Join Date
    Jan 2012
    Location
    Austin, TX
    Posts
    80

    Default What's the smell? And did I leave a problem with too many bees?

    I'm not sure if this belongs in a different category, but since I smell it with my caught hive, I wonder if it has something to do with being caught or moved. So, here it goes:

    Late afternoon yesterday, I did my first cut-out. I'm very new at all off this and am pretty much flying by the seat of my pants. The bees were in a cabinet in a barn. I cut the wax off the ceiling of the cabinet and put them in the box, then scooped out all be bees that were in a ball in the corner and dropped them in the box.

    There were many bees left flying around, and I couldn't leave the box and return, so I took what I could and left.

    My first question is this. While doing the cut-out, I noticed an odd almost chemically smell. I don't think it was chemicals, but it was a strange smell. That said, years ago I once witnessed a swarm of bees that flew over my head while I was resting in a hammock. Before I heard the bees, I smelled a strange chemically kind of smell. That's what got my attention. What is this? Some sort of pheromone?

    My next question is about the job I did. I don't have pictures, but looking back, I wonder if I left a problem behind. By the time I got the bees boxed up, there were still bees everywhere. Also, I did not cleanly cut the wax from the ceiling. I cut it maybe an inch or two from the ceiling. I told them that without the queen (who i'm pretty sure I found) they would not rebuild, but if I left enough bees is it possible for them to regroup and make a new queen? Or, is it possible for another swarm to move in? What advice should I give them?

    THanks so much. I want to do right by these people for their sake, and to uphold the reputation of beekeepers.

  2. #2
    Join Date
    Apr 2010
    Location
    fairfield,ohio
    Posts
    674

    Default Re: What's the smell? And did I leave a problem with too many bees?

    If you got the queen, you could have left the hive box there for an hour or less and the bees would have marched right in if she was in the box. Leaving behind comb, the remaining bees will return to the comb. Without 3 day old larve they won't make a new queen.

  3. #3
    Join Date
    Jan 2012
    Location
    Austin, TX
    Posts
    80

    Default Re: What's the smell? And did I leave a problem with too many bees?

    What will happen to the remaining bees? Could they find another hive, or are they doomed?

  4. #4
    Join Date
    Jun 2010
    Location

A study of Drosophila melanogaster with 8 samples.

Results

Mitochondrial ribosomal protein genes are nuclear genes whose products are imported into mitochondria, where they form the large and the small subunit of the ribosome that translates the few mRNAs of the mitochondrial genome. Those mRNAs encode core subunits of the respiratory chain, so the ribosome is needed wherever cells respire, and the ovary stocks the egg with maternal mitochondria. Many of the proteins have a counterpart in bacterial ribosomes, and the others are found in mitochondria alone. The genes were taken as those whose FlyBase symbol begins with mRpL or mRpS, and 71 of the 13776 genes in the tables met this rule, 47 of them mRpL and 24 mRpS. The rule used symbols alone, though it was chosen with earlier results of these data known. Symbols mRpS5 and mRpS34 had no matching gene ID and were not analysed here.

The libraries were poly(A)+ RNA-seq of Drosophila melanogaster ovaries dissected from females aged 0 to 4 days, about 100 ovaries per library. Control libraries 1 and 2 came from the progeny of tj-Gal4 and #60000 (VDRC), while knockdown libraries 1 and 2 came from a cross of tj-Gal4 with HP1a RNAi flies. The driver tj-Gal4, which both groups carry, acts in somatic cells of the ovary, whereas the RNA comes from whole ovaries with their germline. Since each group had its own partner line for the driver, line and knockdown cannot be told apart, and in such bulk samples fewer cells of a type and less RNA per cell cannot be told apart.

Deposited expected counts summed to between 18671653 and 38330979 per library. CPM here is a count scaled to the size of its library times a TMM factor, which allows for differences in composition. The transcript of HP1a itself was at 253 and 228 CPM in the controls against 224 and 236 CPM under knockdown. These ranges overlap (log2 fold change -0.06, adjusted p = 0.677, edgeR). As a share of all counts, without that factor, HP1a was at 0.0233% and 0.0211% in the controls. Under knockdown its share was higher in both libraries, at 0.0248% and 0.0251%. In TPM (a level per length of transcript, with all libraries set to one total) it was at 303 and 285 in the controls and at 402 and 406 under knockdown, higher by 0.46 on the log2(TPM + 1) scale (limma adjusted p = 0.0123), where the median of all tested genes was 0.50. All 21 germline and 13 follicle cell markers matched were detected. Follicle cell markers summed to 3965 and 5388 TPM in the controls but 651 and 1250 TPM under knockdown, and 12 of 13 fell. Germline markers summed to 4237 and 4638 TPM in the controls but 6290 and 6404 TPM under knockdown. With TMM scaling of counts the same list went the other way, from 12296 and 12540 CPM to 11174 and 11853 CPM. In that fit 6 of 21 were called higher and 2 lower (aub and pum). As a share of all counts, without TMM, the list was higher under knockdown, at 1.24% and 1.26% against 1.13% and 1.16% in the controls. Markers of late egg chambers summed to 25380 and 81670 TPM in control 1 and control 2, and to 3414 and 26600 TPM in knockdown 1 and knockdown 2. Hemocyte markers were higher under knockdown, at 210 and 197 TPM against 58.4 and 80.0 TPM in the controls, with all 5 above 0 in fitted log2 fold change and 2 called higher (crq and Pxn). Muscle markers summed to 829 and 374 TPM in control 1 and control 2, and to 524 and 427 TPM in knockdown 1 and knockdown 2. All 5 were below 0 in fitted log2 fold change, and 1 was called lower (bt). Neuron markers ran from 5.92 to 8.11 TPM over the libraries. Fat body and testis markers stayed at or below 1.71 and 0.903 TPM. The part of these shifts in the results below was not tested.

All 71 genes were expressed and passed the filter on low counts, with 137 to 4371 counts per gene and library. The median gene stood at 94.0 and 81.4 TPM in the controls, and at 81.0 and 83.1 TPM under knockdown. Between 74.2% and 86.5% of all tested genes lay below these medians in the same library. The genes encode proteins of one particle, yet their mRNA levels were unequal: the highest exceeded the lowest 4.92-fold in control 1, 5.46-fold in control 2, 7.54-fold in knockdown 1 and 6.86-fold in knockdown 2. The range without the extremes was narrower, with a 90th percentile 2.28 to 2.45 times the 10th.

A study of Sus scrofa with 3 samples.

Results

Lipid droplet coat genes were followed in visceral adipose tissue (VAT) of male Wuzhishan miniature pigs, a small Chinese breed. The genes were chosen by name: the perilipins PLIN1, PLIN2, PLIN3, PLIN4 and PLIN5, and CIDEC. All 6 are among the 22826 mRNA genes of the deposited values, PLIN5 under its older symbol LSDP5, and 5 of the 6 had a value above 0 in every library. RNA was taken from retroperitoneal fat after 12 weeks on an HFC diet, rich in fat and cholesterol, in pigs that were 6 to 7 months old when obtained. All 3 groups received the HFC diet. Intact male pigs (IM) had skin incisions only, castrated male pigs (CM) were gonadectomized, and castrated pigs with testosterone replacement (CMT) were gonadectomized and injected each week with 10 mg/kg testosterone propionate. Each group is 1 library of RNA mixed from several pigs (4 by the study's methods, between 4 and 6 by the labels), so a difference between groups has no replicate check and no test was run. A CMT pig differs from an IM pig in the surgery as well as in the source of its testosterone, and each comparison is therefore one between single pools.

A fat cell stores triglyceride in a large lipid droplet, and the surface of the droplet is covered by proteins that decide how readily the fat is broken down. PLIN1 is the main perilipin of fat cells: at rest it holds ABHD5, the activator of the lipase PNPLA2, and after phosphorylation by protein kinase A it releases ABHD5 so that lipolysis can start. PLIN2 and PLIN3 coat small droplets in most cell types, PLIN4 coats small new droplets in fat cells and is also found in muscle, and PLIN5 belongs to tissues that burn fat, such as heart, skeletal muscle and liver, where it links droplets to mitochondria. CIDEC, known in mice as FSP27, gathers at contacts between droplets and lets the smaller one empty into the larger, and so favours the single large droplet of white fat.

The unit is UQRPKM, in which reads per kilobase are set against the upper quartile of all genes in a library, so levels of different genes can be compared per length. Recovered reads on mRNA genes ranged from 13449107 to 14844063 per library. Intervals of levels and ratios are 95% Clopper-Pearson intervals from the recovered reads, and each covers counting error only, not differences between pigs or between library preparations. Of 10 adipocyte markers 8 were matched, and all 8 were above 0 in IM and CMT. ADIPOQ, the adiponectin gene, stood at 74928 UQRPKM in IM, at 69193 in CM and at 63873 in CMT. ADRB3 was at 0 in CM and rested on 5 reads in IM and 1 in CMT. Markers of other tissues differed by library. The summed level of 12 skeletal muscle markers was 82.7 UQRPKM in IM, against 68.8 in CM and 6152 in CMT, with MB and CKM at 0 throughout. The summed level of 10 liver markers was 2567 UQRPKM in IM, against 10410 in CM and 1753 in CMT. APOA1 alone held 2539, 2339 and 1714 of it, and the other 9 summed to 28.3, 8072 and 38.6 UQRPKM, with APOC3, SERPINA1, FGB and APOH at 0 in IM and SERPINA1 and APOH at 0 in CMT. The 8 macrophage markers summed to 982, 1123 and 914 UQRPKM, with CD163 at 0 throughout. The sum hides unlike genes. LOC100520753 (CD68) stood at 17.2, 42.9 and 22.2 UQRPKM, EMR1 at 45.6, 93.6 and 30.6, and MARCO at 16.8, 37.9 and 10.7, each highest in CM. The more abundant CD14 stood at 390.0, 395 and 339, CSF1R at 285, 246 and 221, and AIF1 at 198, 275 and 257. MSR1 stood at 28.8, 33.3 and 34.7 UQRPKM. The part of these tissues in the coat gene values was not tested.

Kingsport, Sullivan, Tennessee
    Posts
    787

    Default Re: What's the smell? And did I leave a problem with too many bees?

    They're likely doomed.

    I suggest you go to youtube and look up the channel of "jpthebeeman" and watch all his videos if you are going to be doing cutouts. -js

  5. #5
    Join Date
    May 2012
    Location
    Roanoke, VA
    Posts
    1,503

    Default Re: What's the smell? And did I leave a problem with too many bees?

    +1 on JP. Even if you are not going to do cutouts, but you are interested in bees, you should watch his videos. I've picked up general bee knowledge from watching his videos. Plus I always find it amazing when he is doing a cutout and the bees are a flying and he has no gear on. I'm not that bold!

  6. #6
    Join Date
    Jan 2012
    Location
    Austin, TX
    Posts
    80

    Default Re: What's the smell? And did I leave a problem with too many bees?

    Quote Originally Posted by dixiebooks View Post
    They're likely doomed.

    ....if you are going to be doing cutouts. -js
    Yeah, I didn't exactly think I'll be doing cut-outs. In the original phone call, I was told that they were bearding on a wall. After we talked more, I started to understand that it was more than she described, and when I saw it, I just went for it.

  7. #7
    Join Date
    May 2012
    Location
    Roanoke, VA
    Posts
    1,503

    Default Re: What's the smell? And did I leave a problem with too many bees?

    In this case it was probably a good learning experience for you, but not so much for the bees. Can you go back to the location? You may find them huddled up near any leftover remnants of the hive. Bee vac is good for getting these ladies. If you don't have the queen the bees will all huddle around her and start building again, likely in the exact same location.